Astro Blaster is an Atari 7800 port of the arcade game of the same name, created by Robert DeCrescenzo, who has many excellent arcade conversions under his belt.
In Astro Blaster, one or two players must advance through squadrons of alien ships in an attempt to dock with the mother ship. Players move their ship left or right and shoot at attacking squadrons. A special warp button allows the player to slow down the alien space ships and their laser fire, while maintaining his/her own ship and laser fire at normal speed.
As players enter each new sector they encounter a different number of alien squadrons. Players must destroy all ships in each squadron to pass through the sector. One squadron of rockets is extremely difficult to destroy, but players can pass through this squadron by hitting a few enemy ships. Once a player has destroyed all the squadrons in that sector, he/she enters an asteroid belt. The player must maneuver and shoot his way through the asteroids to reach the mother ship. If fuel is critically low when the player enters the asteroids belt, he/she can receive extra fuel by shooting the red fireballs interspersed among the asteroids. After passing through the asteroid belt, the player's ship docks with the mother ship and refuels.
There are three skill levels and two options you can change to customize your game:
- Skill Level: "Easy" starts out with less squadrons per sector. This gives players the opportunity get used to the enemies at a slower pace. This option is the equivalent to Version 3 of the arcade game. "Medium" has a few more squadrons per sector and is somewhat more difficult to get through. This is the equivalent to Version 2 of the arcade game. "Hard" has the most squadrons per sector and is reserved for seasoned players. It is the equivalent of Version 1 of the arcade game.
- Lives: Allows the player to start the game with 3 or 5 lives.
- Guided Shots: When enabled, shots can be 'steered' left and right using the joystick while in the air.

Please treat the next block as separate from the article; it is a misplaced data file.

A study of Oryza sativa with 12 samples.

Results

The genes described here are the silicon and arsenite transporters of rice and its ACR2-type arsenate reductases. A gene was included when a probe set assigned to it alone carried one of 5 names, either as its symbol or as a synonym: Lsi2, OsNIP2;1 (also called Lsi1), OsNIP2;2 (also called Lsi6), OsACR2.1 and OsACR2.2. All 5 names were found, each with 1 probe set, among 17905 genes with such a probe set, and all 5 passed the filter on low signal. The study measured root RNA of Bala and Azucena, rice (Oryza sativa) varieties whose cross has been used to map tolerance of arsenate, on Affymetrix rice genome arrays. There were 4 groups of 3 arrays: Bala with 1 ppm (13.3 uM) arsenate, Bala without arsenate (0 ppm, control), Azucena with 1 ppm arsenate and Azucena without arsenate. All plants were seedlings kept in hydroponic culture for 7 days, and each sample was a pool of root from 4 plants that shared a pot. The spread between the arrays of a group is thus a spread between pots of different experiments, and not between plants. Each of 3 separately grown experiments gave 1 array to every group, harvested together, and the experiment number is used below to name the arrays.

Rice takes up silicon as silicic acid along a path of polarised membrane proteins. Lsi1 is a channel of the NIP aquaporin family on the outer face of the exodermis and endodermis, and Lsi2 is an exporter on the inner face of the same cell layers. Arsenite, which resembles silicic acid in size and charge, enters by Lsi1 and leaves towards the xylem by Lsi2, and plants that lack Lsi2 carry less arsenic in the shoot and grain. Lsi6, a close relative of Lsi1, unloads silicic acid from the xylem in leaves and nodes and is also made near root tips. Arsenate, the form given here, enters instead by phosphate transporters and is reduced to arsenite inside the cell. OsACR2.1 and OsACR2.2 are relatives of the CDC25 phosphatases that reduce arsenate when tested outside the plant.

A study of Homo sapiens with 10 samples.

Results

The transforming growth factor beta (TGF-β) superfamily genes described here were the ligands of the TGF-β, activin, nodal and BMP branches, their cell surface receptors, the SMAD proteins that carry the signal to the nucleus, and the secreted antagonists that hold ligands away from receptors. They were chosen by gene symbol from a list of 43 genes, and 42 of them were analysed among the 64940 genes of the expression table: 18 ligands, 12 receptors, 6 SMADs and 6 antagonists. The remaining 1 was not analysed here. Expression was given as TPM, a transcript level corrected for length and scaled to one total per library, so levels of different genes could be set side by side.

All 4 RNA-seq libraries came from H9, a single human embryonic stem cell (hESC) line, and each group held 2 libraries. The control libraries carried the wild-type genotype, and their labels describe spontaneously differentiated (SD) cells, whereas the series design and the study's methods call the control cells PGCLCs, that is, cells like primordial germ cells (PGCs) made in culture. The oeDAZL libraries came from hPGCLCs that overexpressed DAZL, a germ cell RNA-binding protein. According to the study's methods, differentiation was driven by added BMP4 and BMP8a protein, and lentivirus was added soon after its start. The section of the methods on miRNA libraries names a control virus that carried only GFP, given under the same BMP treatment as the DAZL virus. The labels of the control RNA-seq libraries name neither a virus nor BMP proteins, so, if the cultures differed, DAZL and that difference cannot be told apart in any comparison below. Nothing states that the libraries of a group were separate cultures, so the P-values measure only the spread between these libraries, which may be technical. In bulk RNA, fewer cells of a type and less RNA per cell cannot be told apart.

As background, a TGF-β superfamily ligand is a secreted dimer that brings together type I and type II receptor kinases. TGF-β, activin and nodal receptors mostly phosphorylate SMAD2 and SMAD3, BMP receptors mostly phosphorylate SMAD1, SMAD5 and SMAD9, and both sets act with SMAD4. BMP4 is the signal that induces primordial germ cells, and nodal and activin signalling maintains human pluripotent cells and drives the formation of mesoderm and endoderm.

You may use single-button joysticks (CX-40) or two-button joysticks (ProLine) with this game. The game will auto-detect which type of joystick is being used. When using two-button joysticks, the difficulty switches determine the orientation of the Fire and Warp buttons. The left difficulty switch corresponds to player one, and the right difficulty switch corresponds to player two.
Astro Blaster includes the game cartridge and full-color, four page manual. Astro Blaster supports both NTSC and PAL television standards.
Get an Astro Blaster Box!
If you'd like a boxed copy of Astro Blaster, please select "Box Upgrade: Yes" at the top of the page before adding Astro Blaster to your cart. Our boxes are professionally printed and include a box insert to hold your Astro Blaster cartridge in place. We want you to play our games, so we have not sealed or shrinkwrapped the boxes in any way, allowing you easy access to the game cartridge and manual.
These boxes are the same size as boxes Atari produced for their games "back in the day". They look great sitting on a shelf with your other boxed homebrew games, or alongside games from the classic Atari library. We only have a limited number of boxes for each game, and there is no guarantee they will become available again once our supplies are exhausted. Click on the images to the right to see larger photos of the box.
|Number of Players||1 - 2|
|Label and Manual||Marc Oberhaeuser|
But. the production quality, the secret bonuses, the amount of different enemies and insane attack patterns make this game almost as addictive as Dungeon Stalker and T:ME Salvo. I keep wanting to get further into the game to see what crazy thing I gotta calmly shoot is next. On a review site, I'd probably give this a 4 out of 5. but here. I want you to buy the damn thing. 13/13 stars
What makes this Atari 7800 version so great is it plays just like the arcade, but at home you learn to progress through the stages. You get to see how great this grandfather of all great shoot-em-ups actually was!
You will instantly think of 2600 Megamania by Activision. Megamania had to have been based on Astro Blaster.
The arcade Astro Blaster talked a lot, and speech is important to playing the arcade game. The opening speech synth is arcade accurate. It's too bad all the speech wasn't included (as samples or AtariVox ), but replacing speech with text works and doesn't take away from this 5-star arcade port.
Highly recommended as one of the best, early shoot-em-ups.